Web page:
Cognition and Learning
Learning does affect behavior. Plato is the infamous student of Socrates. Socrates had a belief that the wiser man is he who can admit to not knowing. He was found guilty and sentenced to death for denying the existence of a higher power or being and corrupting the minds of youth with such thinking. Plato became displeased by the news of his mentor and chose to publish writings that Plato claimed were the dialogue of Socrates. As a result of what Plato learned from Socrates, his perception of Socrates and the final news of his killing, Plato was moved into action by the courts behavior. This may be viewed as an extreme example of learning changing behavior, nonetheless, behavior was affected.
Types of Learning
There are at least two types of learning and several ways in which human beings do learn. Classical and operant conditioning are two widely known ways of learning. Classical conditioning is learning by association. This form of learning says that when a neutral stimulus is paired with stimuli that prompts reflex the neutral stimuli becomes dependant. It is a procedure of behavior modification where a person learns to respond in a preferred manner when provoked. An example of this could be an infant child associating nipples with feeding time. Another example may be a toddler who is fond of Elmo and associates the color red with Elmo.
Operant conditioning, founded by B.F. Skinner, is learning based on reward or consequence of action. The notion that one may be rewarded or punished for behavior can provoke behavior to happen again or not, this is learning. An example of operant conditioning may be the repeat crime offender. The criminal may have gotten away with all types of crimes throughout adolescence. At 21 years of age, the young adult is finally apprehended and sentenced to jail time. A one time experience of incarceration lead the young adult to no longer violate the law. The consequence of action made the criminal no longer repeat behavior.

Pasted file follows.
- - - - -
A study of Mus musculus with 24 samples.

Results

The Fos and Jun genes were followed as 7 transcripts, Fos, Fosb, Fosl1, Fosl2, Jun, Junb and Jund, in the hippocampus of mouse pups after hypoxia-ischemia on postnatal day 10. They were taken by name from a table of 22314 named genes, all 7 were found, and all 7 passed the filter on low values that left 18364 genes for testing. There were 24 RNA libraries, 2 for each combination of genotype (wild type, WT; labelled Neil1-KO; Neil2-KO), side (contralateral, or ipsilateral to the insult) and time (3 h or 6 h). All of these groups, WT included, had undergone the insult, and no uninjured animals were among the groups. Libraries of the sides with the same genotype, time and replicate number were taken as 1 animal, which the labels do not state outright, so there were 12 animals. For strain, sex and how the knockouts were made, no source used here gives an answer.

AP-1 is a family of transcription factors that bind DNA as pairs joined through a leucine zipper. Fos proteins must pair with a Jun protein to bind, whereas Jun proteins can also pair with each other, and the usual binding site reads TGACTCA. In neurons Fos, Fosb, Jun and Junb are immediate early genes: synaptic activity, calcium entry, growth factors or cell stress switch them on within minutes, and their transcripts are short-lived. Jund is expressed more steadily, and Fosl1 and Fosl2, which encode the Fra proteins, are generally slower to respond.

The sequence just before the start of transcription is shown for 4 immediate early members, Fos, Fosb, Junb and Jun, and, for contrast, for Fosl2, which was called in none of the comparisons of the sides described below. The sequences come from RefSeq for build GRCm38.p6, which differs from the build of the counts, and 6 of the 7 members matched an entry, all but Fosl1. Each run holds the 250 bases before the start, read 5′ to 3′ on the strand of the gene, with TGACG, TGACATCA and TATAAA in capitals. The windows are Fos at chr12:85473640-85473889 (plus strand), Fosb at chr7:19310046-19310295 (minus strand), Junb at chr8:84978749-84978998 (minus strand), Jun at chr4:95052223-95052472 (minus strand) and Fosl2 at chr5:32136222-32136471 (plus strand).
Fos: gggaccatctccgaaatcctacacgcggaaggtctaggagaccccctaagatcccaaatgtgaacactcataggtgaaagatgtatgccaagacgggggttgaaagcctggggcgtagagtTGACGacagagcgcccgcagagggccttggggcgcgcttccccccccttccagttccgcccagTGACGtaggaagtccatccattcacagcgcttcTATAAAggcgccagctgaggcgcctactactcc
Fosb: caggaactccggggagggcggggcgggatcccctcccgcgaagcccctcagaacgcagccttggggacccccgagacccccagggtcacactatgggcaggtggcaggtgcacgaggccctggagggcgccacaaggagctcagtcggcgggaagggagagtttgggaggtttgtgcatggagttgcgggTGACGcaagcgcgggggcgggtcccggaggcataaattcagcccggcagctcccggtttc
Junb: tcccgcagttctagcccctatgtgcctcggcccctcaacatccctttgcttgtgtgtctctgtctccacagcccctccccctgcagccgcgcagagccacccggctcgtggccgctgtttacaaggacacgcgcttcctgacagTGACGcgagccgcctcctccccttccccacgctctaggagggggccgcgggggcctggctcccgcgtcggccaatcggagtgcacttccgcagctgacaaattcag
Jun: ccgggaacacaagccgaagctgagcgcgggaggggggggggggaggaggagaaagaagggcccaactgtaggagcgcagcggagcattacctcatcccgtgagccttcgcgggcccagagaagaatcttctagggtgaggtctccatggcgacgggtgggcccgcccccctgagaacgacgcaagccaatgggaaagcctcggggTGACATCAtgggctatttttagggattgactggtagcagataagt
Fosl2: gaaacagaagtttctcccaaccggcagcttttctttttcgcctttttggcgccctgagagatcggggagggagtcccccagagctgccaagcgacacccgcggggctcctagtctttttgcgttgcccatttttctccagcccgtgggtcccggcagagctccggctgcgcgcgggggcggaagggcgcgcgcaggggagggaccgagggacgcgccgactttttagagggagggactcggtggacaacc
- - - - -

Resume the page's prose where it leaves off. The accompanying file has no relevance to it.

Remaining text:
Other types of learning include visual, hands on (kinesthetic) and, auditory. The majority of people learn by one or all of the preceding. Other types include musical, environmental or, group learning. Individuals are not limited to learning by any one method; most people learn with more than one method, yet still others can be exceptional learners under one method. Having a clear understanding of how a person learns has the return benefit of defining who we are.
Cognition is the process of acquiring knowledge and comprehension through thinking, experience and human senses. The result of cognition is human perception, intuition and sensation. Cognition also involves attention, memory, logic and reason, problem solving and creativity. Cognitive development is a crucial part of life span development, having adverse affects on learning. Underdeveloped cognition may pose challenges in learning. A number of mental disorders can alter thinking. Injury and other traumatic events have the ability to change the course of the human brain. Learning and cognition go hand in hand.
Learning is a necessary part of human survival. Learning is the result of brain stimulation. Our human brain receives data and deciphers what is important and not. Based on the determination of cognition, input travels to long term memory to retrieve later or stays in the short term memory for immediate use. Information travels back and forth between long and short term memory banks depending on what data is being requested of cognition. If cognition stops functioning then we cease to learn and in some cases, exist.
Learning Guide.org. (2012, July). Types of Learning Styles. Retrieved from http://www.learningguide.org/learningstyles.htm
Olson, M. H. & Hergenhahn, B. R. (2009). An introduction to theories of learning (8th ed.). Upper Saddle River, NJ: Pearson/Prentice Hall.